Matrix determinant lemma



Suppose A is an invertible square matrix and u, v are column vectors. Then the matrix determinant lemma states that

Here, uvT is the outer product of two vectors u and v.

The theorem can also be stated in terms of the adjugate matrix of A:

in which case it applies whether or not the square matrix A is invertible.


First the proof of the special case A = I follows from the equality:[3]

The determinant of the left hand side is the product of the determinants of the three matrices. Since the first and third matrix are triangular matrices with unit diagonal, their determinants are just 1. The determinant of the middle matrix is our desired value. The determinant of the right hand side is simply (1 + vTu). So we have the result:

Then the general case can be found as:


If the determinant and inverse of A are already known, the formula provides a numerically cheap way to compute the determinant of A corrected by the matrix uvT. The computation is relatively cheap because the determinant of A + uvT does not have to be computed from scratch (which in general is expensive). Using unit vectors for u and/or v, individual columns, rows or elements[4] of A may be manipulated and a correspondingly updated determinant computed relatively cheaply in this way.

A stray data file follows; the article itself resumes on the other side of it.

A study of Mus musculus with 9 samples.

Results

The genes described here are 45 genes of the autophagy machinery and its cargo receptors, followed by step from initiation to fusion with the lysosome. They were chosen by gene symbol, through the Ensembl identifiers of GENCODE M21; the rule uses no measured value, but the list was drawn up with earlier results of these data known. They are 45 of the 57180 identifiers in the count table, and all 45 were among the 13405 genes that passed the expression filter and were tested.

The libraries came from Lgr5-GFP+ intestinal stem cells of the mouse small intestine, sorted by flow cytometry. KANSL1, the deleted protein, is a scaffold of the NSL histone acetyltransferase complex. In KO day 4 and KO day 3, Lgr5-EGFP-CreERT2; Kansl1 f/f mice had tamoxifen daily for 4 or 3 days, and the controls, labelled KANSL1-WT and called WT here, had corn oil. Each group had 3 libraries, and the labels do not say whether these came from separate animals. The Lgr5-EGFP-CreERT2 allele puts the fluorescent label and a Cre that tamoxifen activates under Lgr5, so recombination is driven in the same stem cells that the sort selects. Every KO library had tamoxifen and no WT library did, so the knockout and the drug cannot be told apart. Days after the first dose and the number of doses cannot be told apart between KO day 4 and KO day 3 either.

When the matrix determinant lemma is used in conjunction with the Sherman–Morrison formula, both the inverse and determinant may be conveniently updated together.


Suppose A is an invertible n-by-n matrix and U, V are n-by-m matrices. Then

In the special case this is the Weinstein–Aronszajn identity.

Given additionally an invertible m-by-m matrix W, the relationship can also be expressed as

See also[edit]


  1. ^ Harville, D. A. (1997). Matrix Algebra From a Statistician's Perspective. New York: Springer-Verlag. ISBN 0-387-94978-X.
  2. ^ Brookes, M. (2005). "The Matrix Reference Manual (online)".
  3. ^ Ding, J.; Zhou, A. (2007). "Eigenvalues of rank-one updated matrices with some applications". Applied Mathematics Letters. 20 (12): 1223–1226. doi:10.1016/j.aml.2006.11.016. ISSN 0893-9659.
  4. ^ William H. Press; Brian P. Flannery; Saul A. Teukolsky; William T. Vetterling (1992). Numerical Recipes in C: The Art of Scientific Computing. Cambridge University Press. pp. 73. ISBN 0-521-43108-5.